Even during these partisan times in Congress, and yes, even on an issue, like abortion, that sparks debate, we should agree that women serving in the military deserve the same reproductive health care coverage that other women have in America. Unfortunately, that’s not the case. If our brave women are willing to protect our freedoms, we should protect their freedoms as well.
Although now retired, I served for over 30 years culminating as the Acting Surgeon General and Commander of the Army Medical Department and the 22nd Chief of the Army Nurse Corps. I take great interest in issues affecting the health of the men and women in our armed forces who defend our country and our Constitution.
A servicewoman who has been victimized by rape does not have health insurance coverage should she decide to terminate a resulting pregnancy. Current law allows coverage of abortion only when the woman’s life is endangered. I, and no doubt many others, am disheartened that our servicewomen and military wives and daughters lack the same insurance coverage civilian women have during such a traumatizing period of their lives. Federal employees — including any member of Congress and his or her family member — along with women in prison and women enrolled in Medicaid are appropriately shown compassion and provided access to care. But not women in uniform or the loved ones of men in uniform. To them, Congress has said, “you’re on your own.”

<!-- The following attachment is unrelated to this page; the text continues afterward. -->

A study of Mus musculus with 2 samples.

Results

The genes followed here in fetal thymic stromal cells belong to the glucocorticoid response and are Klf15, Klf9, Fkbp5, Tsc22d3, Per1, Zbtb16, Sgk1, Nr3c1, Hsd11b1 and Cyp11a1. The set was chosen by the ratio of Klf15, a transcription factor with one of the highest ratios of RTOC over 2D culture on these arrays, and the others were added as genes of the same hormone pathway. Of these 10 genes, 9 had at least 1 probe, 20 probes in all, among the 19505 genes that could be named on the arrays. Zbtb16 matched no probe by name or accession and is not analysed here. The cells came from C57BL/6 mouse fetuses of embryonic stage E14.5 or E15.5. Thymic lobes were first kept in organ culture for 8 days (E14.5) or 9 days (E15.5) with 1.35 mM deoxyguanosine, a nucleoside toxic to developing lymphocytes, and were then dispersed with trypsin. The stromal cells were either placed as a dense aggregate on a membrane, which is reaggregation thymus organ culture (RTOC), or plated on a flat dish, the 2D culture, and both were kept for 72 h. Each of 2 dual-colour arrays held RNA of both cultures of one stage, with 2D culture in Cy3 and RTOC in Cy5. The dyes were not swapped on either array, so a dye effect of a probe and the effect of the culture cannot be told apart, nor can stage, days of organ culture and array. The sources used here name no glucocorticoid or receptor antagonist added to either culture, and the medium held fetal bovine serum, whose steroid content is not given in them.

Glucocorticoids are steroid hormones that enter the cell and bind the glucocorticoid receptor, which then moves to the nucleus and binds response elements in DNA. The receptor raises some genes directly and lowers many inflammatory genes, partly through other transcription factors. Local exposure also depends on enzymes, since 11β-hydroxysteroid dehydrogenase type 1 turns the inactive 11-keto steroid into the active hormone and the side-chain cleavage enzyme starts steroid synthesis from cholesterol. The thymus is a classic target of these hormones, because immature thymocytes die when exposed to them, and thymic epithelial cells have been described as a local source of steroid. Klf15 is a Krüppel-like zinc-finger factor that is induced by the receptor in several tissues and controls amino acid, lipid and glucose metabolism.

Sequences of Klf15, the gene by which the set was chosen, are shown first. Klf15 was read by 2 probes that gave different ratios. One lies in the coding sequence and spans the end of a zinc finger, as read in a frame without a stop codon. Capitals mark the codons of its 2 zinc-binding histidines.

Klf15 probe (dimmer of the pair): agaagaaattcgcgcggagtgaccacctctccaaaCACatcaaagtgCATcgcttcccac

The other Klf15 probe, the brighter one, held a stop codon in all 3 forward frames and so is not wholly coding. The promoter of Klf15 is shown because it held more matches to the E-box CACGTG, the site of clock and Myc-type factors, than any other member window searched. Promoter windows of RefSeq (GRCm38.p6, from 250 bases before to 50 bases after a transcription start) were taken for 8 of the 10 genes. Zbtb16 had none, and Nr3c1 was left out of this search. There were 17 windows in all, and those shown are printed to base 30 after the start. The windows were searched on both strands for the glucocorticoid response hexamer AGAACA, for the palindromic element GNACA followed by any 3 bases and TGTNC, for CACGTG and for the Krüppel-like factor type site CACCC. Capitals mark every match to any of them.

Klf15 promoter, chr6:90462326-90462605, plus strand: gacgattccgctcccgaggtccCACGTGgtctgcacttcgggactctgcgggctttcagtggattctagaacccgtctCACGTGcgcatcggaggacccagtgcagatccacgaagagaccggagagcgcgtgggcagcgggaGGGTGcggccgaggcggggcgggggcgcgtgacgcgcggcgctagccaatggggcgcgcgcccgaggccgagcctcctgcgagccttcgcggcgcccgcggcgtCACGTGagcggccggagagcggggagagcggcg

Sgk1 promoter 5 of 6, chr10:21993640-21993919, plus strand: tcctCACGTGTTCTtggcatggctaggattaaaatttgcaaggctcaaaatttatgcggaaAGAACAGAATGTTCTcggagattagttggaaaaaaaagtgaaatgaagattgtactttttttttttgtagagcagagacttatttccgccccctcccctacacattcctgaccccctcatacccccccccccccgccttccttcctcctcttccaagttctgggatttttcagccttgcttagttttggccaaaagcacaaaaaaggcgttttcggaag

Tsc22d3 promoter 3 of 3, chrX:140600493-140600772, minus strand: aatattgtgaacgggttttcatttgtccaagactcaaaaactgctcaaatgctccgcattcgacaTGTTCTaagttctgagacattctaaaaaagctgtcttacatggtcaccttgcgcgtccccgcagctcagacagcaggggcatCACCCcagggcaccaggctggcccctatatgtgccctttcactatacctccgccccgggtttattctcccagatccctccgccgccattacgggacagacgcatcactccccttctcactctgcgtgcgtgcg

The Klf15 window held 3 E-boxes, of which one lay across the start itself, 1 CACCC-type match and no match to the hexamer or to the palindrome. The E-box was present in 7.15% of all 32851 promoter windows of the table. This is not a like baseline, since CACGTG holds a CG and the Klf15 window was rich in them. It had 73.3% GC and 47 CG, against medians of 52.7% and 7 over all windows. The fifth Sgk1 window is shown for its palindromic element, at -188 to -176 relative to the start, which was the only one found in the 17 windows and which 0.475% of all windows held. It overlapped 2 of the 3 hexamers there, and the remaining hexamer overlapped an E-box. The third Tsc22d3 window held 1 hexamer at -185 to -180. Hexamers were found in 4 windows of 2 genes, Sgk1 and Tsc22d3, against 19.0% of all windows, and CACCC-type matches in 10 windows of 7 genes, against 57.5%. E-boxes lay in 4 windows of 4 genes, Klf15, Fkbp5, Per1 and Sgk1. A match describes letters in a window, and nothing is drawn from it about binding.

The existence of the current policy boggles the mind. There is simply no justification for providing these women patriots less care than civilian women. The policy is shameful. Worse, it is disrespectful of the service and sacrifice of every military woman.
Last week, Senator Jeanne Shaheen (NH) introduced an amendment to the National Defense Authorization Act that would rectify this problem and restore basic fairness, enabling servicewomen to have the same health coverage as other women already do.
This is not a tough issue; it isn’t controversial. Current government health programs cover abortion in cases of rape and incest. Similarly, the abortion restrictions in the recently enacted Patient Protection and Affordable Care Act also provide exceptions for survivors of rape and incest. Although Congress hotly debated the contours of those restrictions, access to abortion care for sexual assault survivors was never even questioned. As divisive as the question of abortion has unfortunately become, an overwhelming majority of Americans have the grace and empathy, in the face of violent sexual assault, to allow a woman to make the decision that is best for her and her family. Why haven’t members of Congress done the same when it comes to our military women and families?
So I support the Shaheen Amendment and the senators who have co-sponsored it. But I also know that this past May, the House of Representatives had the opportunity to remedy this grievous wrong and it failed to act. In fact, it suppressed even a debate of the issue. The Senate must do better. Our women in uniform deserve nothing less.
Gale S. Pollock, Major General, U.S. Army (Ret.) served as the Deputy Surgeon General of the United States Army, 22nd Chief of the Army Nurse Corps, and was acting Surgeon General of the United States Army following the retirement of her predecessor.